Greece is rich in culture and if you have ever travelled to Greece, you’ll know that each tiny village can sometimes hold different beliefs and values.
As a whole, however, there are many things I have learned since moving out here:
Never hand a knife to someone in Greece, even if it’s just a regular butter knife. It’s believed to be unlucky and means the person who hands you the knife will betray you at some point.
It is good manners to place the knife next to the person who asks for it to avoid any superstition.
2. Evil eye
Many people might have seen the single blue eye dotted about on bracelets, mugs and other items in tourist shops.
This superstition is an old village belief that those who look into the eyes of someone with blue eyes for too long will receive bad luck. Many older villagers still wear the blue eye as it is believed it protects them from negative experiences.
Now, a more common belief, is that if you wear the eye on your person, it protects you from negative experiences. If the eye breaks, it is supposed to mean it has protected the wearer from bad luck and has served it’s purpose.
3. ‘Please’ does not exist
‘Give me…’ ‘I want a…’ to some of us, this may appear rude however it is less important to say please but important to say thank you.
Please is used as ‘you’re welcome’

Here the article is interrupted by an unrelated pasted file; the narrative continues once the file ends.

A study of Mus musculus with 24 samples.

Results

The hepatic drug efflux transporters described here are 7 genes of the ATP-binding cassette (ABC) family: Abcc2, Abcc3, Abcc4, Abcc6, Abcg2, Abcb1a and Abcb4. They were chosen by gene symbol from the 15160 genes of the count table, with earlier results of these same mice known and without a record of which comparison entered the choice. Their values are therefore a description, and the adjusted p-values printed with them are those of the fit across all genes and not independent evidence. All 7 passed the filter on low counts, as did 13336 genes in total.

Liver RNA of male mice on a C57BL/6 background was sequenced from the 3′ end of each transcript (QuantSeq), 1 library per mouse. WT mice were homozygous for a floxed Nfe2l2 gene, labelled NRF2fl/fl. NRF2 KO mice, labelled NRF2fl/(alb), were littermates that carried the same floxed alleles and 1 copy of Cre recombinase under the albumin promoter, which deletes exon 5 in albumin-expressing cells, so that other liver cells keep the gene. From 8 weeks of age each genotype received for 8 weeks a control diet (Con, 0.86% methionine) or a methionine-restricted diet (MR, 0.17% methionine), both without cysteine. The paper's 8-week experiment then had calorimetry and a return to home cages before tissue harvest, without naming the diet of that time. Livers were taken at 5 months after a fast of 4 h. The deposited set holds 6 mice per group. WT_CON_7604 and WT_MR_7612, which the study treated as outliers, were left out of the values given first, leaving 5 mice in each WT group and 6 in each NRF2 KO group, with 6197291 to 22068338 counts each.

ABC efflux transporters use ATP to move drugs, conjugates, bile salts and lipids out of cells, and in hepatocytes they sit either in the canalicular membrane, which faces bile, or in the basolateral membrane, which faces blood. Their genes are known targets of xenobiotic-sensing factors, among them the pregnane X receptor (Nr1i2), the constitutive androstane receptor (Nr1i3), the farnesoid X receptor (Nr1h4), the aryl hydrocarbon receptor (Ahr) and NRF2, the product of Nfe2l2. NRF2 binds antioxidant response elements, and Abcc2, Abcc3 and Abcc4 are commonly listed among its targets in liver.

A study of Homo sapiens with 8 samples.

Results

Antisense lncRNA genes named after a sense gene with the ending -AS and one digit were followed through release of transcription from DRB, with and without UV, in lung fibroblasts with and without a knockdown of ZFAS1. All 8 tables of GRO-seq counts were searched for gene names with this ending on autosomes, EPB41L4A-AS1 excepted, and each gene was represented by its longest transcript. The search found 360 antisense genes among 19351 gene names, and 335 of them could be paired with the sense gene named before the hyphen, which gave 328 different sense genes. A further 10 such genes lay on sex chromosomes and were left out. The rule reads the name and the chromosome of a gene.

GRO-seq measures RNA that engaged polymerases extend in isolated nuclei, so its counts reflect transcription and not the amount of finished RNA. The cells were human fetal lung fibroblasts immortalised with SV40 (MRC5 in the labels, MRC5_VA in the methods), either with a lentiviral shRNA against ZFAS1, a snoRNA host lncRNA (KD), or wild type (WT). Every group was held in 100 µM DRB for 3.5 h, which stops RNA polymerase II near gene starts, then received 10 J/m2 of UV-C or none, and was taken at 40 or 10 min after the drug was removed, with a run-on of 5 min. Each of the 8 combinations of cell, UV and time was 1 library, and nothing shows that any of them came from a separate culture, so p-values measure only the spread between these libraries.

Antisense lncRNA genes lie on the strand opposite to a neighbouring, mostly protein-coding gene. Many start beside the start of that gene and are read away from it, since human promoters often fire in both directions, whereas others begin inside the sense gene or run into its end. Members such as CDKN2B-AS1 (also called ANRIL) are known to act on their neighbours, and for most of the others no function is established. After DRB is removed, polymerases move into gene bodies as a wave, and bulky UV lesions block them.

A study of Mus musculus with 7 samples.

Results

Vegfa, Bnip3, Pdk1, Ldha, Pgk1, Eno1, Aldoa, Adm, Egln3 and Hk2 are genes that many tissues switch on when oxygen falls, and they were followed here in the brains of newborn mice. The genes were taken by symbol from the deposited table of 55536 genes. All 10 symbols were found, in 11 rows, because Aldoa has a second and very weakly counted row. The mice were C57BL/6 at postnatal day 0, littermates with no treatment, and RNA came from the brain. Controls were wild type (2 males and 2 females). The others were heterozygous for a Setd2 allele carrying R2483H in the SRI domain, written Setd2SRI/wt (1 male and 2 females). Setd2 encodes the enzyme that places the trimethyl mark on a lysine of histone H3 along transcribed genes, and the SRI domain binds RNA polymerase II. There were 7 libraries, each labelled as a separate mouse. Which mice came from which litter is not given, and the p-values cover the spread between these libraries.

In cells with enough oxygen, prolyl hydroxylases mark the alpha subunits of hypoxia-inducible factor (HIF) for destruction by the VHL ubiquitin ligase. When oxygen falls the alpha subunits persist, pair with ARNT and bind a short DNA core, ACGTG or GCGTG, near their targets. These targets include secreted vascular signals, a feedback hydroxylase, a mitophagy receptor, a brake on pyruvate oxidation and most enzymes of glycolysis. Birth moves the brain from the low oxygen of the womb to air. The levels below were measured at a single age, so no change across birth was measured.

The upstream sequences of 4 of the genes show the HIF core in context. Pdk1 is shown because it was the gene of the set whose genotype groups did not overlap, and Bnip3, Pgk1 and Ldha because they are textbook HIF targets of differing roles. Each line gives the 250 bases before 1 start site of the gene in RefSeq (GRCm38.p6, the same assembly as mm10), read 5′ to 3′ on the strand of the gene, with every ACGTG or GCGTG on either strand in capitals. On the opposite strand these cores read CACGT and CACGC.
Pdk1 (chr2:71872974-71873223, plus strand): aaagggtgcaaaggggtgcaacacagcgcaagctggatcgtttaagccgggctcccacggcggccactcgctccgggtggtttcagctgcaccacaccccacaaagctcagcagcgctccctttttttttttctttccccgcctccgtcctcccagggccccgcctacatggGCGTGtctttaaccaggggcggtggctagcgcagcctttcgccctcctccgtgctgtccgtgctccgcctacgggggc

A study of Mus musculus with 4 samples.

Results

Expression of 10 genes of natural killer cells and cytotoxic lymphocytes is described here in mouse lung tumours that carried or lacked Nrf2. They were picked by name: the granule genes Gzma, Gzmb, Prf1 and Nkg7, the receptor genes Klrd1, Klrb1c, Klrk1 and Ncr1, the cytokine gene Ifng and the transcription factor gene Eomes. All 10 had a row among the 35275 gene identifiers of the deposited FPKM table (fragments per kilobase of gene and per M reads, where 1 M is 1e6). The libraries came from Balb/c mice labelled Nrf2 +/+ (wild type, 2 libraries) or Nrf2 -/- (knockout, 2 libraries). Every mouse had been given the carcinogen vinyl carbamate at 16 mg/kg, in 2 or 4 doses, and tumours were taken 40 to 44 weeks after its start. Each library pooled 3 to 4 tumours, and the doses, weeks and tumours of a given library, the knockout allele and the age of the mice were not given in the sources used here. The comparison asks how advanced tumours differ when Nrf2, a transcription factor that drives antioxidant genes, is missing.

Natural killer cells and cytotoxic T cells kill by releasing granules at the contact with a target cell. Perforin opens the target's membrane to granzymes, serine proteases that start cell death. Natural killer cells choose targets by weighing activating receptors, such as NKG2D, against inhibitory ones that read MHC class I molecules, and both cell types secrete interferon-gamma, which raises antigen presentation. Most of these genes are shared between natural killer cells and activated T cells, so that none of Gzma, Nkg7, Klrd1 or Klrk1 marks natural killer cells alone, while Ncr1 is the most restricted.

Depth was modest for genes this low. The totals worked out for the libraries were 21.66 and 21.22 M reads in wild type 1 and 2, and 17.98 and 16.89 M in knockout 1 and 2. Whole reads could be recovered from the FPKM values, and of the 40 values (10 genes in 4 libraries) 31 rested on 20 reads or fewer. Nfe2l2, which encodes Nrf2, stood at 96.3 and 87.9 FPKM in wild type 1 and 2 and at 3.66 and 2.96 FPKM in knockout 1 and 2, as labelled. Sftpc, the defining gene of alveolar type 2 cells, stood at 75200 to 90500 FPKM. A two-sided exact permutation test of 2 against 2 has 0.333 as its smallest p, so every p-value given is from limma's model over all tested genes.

Please: παρακαλώ (parakalo)
Thank you: ευχαριστώ (efharisto)
4. Babies are not officially named until a year later
In Greece, babies are not baptised until they are around a year old. This means the baby does not receive its official name until given by the ‘Pappas’ (Vicar/Priest).
Often the infant is called ‘baby’ and the name is kept quiet until the baptism.
In Corfu especially, many males are named ‘Spyros’ after St. Spyridon. In the past, the Pappas was often given the honour of naming the baby hence why many are named ‘Spyros’.
It’s tradition to name the first male child after their Grandfather and therefore the name Spyros lives on generation after generation.
5. Easter is celebrated more than Christmas
This is a great time to be in Greece, especially Corfu as it is known as the Holy Island.
Candles are lit outside the church at midnight (wear your hair up if you want to avoid a disaster) and carried through villages. Find a village high up in the hills and watch the fireworks from every other village around! The views are phenomenal.
Vases are thrown from Windows at 11am. It is believed that by smashing vases, bad spirits are cleansed.
Be warned, Greek Easter is not suitable for vegetarians as everything is thrown on a spit and consumed by the tonne. Many Greeks don’t eat meat on the run up to Easter so enough is made to make up for the previous weeks!
Greece is rife with culture and tradition and this is just a taste of many different quirks to this beautiful place.
Share your experiences of culture and tradition in the comments!